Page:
ONE OF THE LAST PLACES YOU SHOULD SEE BEFORE YOU DIE
Right smack between Cebu and Mindanao is Bohol province, one of the last places in the Philippines which every Filipino should see before he or she dies. This is not about a long-lost nirvana or an urbanized patch of land tucked in some place but it surely is a piece of paradise. It is an interweaving of mysticism and homegrown charm sprinkled with a little bit of modernity. Sounds like your favorite bread rolled in a bed of cinnamon sprinkles? It is more than that. Just where can you see on this side of earth a breathtaking view all over while going through a manmade mahogany forest? And it is not just a forest, it is a beauty. Lofty, huge mahogany trees blocking the day’s rays while you crawled your way into a more mystical experience: Chocolate Hills. Experience it while it sends shivers into your spine. Where on earth have all these mounds came from, you wonder. But no one knows. Only the gods know. Enjoy the Loboc River and its feast of culture and food, and as an added bonus, be hooked up with that warmth from the local smiles while they prance to a native tune. Frolic at the pristine Panglao beaches lined up with corral-covered seashores and wonder at the historical Baclayon Church and all the other long-standing churches, You, too, will love the wide-eyed Tarsiers almost succumbing to lethargy. All these make Bohol a very good travel destination. As a last hurray, try its kalamay before you board your ship, that sweet delicacy made of coconut and brown sugar in a coconut shell with that famous red line around it. Very Filipino.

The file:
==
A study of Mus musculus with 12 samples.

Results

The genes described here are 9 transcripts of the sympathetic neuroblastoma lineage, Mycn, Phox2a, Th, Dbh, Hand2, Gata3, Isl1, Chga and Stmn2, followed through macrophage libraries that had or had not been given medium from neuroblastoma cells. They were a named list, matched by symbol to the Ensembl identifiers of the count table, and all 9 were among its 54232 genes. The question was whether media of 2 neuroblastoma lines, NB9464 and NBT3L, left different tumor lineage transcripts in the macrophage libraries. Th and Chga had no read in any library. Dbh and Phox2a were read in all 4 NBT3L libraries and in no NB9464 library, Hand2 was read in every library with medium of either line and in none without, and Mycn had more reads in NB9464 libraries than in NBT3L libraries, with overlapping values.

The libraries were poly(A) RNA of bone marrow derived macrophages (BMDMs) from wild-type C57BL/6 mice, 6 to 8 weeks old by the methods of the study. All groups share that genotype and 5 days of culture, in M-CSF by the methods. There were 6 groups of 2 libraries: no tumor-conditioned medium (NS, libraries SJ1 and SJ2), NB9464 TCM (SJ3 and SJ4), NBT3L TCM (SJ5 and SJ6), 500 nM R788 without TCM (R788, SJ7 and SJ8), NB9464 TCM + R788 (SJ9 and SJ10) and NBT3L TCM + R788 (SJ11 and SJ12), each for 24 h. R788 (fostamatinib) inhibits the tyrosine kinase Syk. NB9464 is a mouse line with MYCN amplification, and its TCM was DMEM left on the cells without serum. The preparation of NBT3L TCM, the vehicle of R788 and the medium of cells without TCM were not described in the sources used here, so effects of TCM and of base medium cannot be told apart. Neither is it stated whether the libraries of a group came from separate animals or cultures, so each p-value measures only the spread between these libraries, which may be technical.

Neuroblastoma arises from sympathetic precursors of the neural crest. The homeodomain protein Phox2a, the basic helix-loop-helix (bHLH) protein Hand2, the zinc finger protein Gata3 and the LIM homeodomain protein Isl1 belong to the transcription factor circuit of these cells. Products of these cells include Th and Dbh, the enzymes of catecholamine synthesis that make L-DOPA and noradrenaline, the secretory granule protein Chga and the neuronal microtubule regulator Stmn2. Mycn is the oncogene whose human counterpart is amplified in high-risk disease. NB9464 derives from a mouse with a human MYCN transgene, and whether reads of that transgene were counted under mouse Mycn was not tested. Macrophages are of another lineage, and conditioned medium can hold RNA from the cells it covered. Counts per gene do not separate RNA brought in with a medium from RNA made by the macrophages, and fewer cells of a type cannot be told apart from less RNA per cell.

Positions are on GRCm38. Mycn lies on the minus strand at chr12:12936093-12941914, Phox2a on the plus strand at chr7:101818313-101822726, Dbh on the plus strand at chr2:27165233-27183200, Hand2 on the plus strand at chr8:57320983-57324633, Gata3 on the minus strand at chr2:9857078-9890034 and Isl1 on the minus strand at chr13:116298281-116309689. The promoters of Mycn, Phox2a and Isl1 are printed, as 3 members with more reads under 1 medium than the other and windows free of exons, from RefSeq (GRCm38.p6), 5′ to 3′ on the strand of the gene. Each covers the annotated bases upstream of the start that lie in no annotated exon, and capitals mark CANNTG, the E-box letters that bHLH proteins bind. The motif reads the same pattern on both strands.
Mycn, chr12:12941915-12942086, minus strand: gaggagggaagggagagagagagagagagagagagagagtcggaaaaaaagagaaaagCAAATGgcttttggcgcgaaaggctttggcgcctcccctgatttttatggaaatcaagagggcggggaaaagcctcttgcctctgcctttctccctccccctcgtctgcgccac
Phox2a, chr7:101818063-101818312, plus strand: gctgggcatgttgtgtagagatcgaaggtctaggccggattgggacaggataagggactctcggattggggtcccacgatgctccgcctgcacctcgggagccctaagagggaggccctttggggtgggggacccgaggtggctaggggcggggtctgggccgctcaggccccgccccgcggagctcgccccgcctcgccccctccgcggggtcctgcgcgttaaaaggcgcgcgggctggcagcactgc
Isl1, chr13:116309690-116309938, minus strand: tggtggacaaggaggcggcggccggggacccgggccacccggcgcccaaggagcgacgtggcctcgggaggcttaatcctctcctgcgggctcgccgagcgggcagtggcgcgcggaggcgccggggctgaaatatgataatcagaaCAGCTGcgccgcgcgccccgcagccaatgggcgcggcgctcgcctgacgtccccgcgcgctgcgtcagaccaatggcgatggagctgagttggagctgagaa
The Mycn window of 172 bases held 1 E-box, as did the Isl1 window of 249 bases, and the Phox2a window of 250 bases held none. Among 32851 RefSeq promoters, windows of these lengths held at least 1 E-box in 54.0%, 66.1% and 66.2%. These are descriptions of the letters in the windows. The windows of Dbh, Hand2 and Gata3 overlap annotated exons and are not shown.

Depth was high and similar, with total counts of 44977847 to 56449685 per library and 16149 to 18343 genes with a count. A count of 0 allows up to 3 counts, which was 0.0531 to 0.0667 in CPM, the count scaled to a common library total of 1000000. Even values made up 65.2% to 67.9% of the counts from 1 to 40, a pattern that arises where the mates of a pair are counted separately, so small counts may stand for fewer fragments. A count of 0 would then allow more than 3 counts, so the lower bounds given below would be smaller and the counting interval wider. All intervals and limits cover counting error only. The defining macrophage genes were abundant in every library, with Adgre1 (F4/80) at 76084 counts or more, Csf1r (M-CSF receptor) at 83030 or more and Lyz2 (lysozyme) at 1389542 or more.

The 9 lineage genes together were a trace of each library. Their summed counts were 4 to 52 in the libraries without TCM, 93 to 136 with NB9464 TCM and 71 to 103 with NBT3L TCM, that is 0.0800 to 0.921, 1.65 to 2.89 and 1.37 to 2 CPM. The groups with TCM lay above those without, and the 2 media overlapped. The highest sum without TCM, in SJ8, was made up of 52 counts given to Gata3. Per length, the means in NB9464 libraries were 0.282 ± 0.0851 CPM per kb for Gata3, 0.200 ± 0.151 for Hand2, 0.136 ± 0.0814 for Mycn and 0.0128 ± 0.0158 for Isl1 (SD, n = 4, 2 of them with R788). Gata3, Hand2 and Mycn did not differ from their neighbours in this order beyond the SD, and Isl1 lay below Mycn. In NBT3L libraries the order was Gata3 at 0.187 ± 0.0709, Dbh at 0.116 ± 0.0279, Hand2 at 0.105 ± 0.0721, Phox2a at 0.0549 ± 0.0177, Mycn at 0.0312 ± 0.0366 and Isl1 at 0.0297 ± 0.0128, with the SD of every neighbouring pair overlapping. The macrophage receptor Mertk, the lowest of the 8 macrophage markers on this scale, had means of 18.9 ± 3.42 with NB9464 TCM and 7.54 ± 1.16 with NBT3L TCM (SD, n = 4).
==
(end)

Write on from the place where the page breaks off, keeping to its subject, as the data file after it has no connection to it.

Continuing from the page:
In a developing world where culture and progress claws at each other in the eye, Bohol retains its charm, still placid and rustic. While wildness and hysteria intoxicated Boracay at its peak, its commercialism ravaging itself while leaving no stone unturned, Bohol remained calm and unagitated. Tranquil, unperturbed and serene are the exact words. So, go now, people, and quick, and see Bohol in its most unspoiled landscape. Go before Henry Sy beats you.
Jane Arrieta Ebarle is a marketing practitioner for the last 12 years. She is advocating art education in the country and is the current president of Phil. Art Educators Association. Ms. Ebarle took up units in B.S. in Architecture and completed her B.S. Fine Arts major in Advertising Arts at the University of Sto. Tomas. She recently launched herself as an artist through a one-woman exhibit entitled "Filipino Ethnicity" at the Art Gallery of the Phil. Heart Center last Nov. 3, 2008. She is starting to write again after a long hiatus.
She is the founder of Birthday Club, an open ended group of women volunteers whose vocation is to share their talents and skills and celebrate their birthdays with underprivileged women. To prepare herself for this undertaking, she is currently taking up her Master of Arts in Women and Development at the University of the Philippines, Diliman, Quezon City.